For me, the experience was all about letting go of expectations, doing what was right for me, and holding myself accountable for shaping my own experience. I went into the whole Squam thing feeling overwhelmed and a bit nervous. It was my first time teaching and I truly do not believe that I am an "expert" at anything... so what business did I have to try to teach anyone anything?
So to battle that, I decided that my classes should be laid back (much more my style) and carefree. I would guide them to a certain extent, and I prepared hand-outs and fun ideas, but beyond that, I was just gonna wing it and see what happened.
Well, only one of my classes worked out the way I'd expected. The other two took on different forms (one because of my own exhaustion, a downpour, and a misunderstanding; the other because of an oversight on my part). But I think that once I let go of the thought of "this is not what I planned" -- it was ok. People seemed to enjoy them nonetheless and hey, I'm still standing, baby.
My Earth Art class was the one that went according to plan. I started by asking everyone to get comfortable and close their eyes, and I led them through a meditation (which I enjoyed leading!). I asked students to search for a word that they needed right now... something to keep in mind or work on or meditate on in their lives. And everyone managed to come up with really unique words, tailored just for them. I showed them examples of one of my favorite earth artists as inspiration, and people started sketching out ideas, forming their concepts, and wandering off into the woods for elements to work with.
When we were all finished late in the day, we went around to each person's installation and let them explain their word and how their piece embodied their concept. Everyone was super creative, insightful and just brilliant. (A+'s all around!!) It was all so low key, relaxing and fun. My favorite class I think. I would definitely teach this one again.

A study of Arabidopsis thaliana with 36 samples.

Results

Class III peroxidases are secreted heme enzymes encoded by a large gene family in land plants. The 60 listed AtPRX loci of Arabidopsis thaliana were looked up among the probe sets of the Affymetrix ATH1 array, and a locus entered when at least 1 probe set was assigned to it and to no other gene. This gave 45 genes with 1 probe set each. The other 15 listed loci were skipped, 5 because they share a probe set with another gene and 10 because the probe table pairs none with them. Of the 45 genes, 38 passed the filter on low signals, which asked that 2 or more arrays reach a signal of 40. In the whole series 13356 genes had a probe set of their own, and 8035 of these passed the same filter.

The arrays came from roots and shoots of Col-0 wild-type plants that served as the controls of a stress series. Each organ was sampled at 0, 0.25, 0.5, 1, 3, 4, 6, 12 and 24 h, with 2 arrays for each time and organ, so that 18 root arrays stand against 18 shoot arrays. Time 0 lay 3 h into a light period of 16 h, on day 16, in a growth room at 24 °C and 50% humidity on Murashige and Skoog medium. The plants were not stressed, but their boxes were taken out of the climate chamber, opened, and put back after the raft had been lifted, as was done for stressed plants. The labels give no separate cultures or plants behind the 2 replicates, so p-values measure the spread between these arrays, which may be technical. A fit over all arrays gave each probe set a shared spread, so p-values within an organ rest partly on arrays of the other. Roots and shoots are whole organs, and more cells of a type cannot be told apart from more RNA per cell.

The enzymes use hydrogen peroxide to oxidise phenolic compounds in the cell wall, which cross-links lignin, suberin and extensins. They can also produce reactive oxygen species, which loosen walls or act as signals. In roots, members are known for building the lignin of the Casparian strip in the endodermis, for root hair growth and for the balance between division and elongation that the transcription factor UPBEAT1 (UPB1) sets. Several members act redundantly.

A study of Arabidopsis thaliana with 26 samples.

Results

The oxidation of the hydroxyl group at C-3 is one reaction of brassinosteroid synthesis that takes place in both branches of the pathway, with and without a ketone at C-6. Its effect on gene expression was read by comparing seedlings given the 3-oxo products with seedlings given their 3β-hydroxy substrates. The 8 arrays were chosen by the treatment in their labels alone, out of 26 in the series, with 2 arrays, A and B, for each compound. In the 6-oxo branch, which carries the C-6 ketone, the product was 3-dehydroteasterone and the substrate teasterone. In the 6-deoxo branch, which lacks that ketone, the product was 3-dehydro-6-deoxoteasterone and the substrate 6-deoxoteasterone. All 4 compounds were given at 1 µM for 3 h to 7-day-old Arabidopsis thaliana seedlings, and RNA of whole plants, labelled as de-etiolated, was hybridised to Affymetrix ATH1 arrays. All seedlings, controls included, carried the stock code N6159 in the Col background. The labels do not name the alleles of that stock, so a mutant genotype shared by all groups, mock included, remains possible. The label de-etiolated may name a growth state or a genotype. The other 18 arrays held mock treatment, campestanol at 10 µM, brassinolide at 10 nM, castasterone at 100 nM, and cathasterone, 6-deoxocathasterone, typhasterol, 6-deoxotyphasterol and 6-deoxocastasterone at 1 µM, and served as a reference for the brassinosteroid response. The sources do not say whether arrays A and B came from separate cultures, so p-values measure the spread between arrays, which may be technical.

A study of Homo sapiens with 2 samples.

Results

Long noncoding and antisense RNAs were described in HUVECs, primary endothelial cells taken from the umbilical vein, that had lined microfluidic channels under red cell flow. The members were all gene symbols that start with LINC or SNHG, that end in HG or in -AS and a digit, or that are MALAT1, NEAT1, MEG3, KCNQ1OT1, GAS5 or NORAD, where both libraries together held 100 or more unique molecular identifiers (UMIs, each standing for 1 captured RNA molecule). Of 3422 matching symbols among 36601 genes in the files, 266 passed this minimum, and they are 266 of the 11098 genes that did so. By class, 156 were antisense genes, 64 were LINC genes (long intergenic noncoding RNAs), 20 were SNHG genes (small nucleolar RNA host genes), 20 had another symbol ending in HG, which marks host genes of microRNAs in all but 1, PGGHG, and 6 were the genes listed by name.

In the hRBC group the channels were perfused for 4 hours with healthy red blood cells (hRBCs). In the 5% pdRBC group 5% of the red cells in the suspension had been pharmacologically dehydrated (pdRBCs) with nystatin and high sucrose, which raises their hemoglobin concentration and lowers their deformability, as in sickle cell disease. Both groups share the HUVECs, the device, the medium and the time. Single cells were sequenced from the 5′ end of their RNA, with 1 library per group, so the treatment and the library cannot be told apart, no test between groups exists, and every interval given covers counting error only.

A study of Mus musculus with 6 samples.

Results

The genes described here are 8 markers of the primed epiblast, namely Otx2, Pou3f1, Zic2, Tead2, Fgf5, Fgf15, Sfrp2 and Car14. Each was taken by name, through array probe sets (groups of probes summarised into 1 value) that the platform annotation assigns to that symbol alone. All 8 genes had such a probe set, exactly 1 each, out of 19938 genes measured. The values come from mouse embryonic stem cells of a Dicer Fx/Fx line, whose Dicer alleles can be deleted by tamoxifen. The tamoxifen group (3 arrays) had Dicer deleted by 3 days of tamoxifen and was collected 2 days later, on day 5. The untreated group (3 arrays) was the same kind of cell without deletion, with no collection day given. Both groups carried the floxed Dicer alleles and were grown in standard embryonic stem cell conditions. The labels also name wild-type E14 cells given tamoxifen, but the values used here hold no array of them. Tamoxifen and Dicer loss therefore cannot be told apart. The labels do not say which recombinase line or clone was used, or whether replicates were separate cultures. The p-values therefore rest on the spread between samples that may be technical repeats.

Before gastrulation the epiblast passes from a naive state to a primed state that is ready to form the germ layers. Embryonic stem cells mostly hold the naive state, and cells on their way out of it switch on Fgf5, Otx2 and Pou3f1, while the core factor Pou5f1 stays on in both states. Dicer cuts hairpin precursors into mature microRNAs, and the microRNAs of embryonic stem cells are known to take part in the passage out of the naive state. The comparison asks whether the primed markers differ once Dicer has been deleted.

The next day was the Travel Journal class and I woke up feeling exhausted. Being pregnant and traveling and trekking all through the woods really wore me out. So I showed up, gave my spiel about the class, handed out examples, ideas and helpful tools, and then asked people if they wouldn't mind if I parked my bootie on a bench with the art supplies (and answers to any questions they had) while they embarked on journaling in the great wide open.
Thankfully everyone understood my tiredness and was totally happy to go with the flow. So that worked out great. After lunch though, it started raining, and where I thought there was going to be a van for us all to pile into to travel around to the little towns around Squam Lake, there was no van. So we all car-pooled, which didn't work out so great, unfortunately. But people still did what they wanted (journaled, shopped, ate together, went back to their cabins early for some much needed down time) and that was ok too. I had to really let go of expectations on that day.
The final class was Editorial Illustration. I had prepared lots of fun hand outs and the plan was for each student to do an illustration from sketch to final (or as much as we could fit in), but I didn't foresee that people needed reference material for tight sketches. (Duh!) So that idea was pretty much dead in the water.
Instead of doing an illustration, the class morphed into simple thumbnail concepting, and a whole lotta talking and Q&A. But really, I had a good time sharing what I know about illustration, and maybe people learned more by asking anything they wanted -- no holds barred. I felt like people asked really good questions and were more open than they normally would have been had they been under the gun to create a piece of art.
Once again... not exactly what I'd planned. But it worked!
I think Squam being my first teaching experience and feeling so tired from pregnancy, I didn't quite get all the good, mushy stuff out of it that other people got. But I'm not really an uber-mushy, sentimental person to begin with. I'm actually sort of a loner, and kind of keep to myself. It's just my nature... And I struggled with that for years. I always felt lesser or dumb because of how I am... so different from the others...
So truly and honestly accepting my nature on this trip was HUGE for me. I am really proud of myself for knowing that even if I experience things differently: my way is just fine too. Both ways are equally valid. And my heart didn't break this time. Hoo-rah.
(That all said, my own personal word for my Earth Art class was "Connect"... I'll explain more about that later perhaps.)
* * * btw: anyone who was in my Earth Art class who wants to share what they created, I'd love to post it here on my blog. Please email me your name, link to your website, your word and concept -- and hopefully some photos of what you created! Thanks!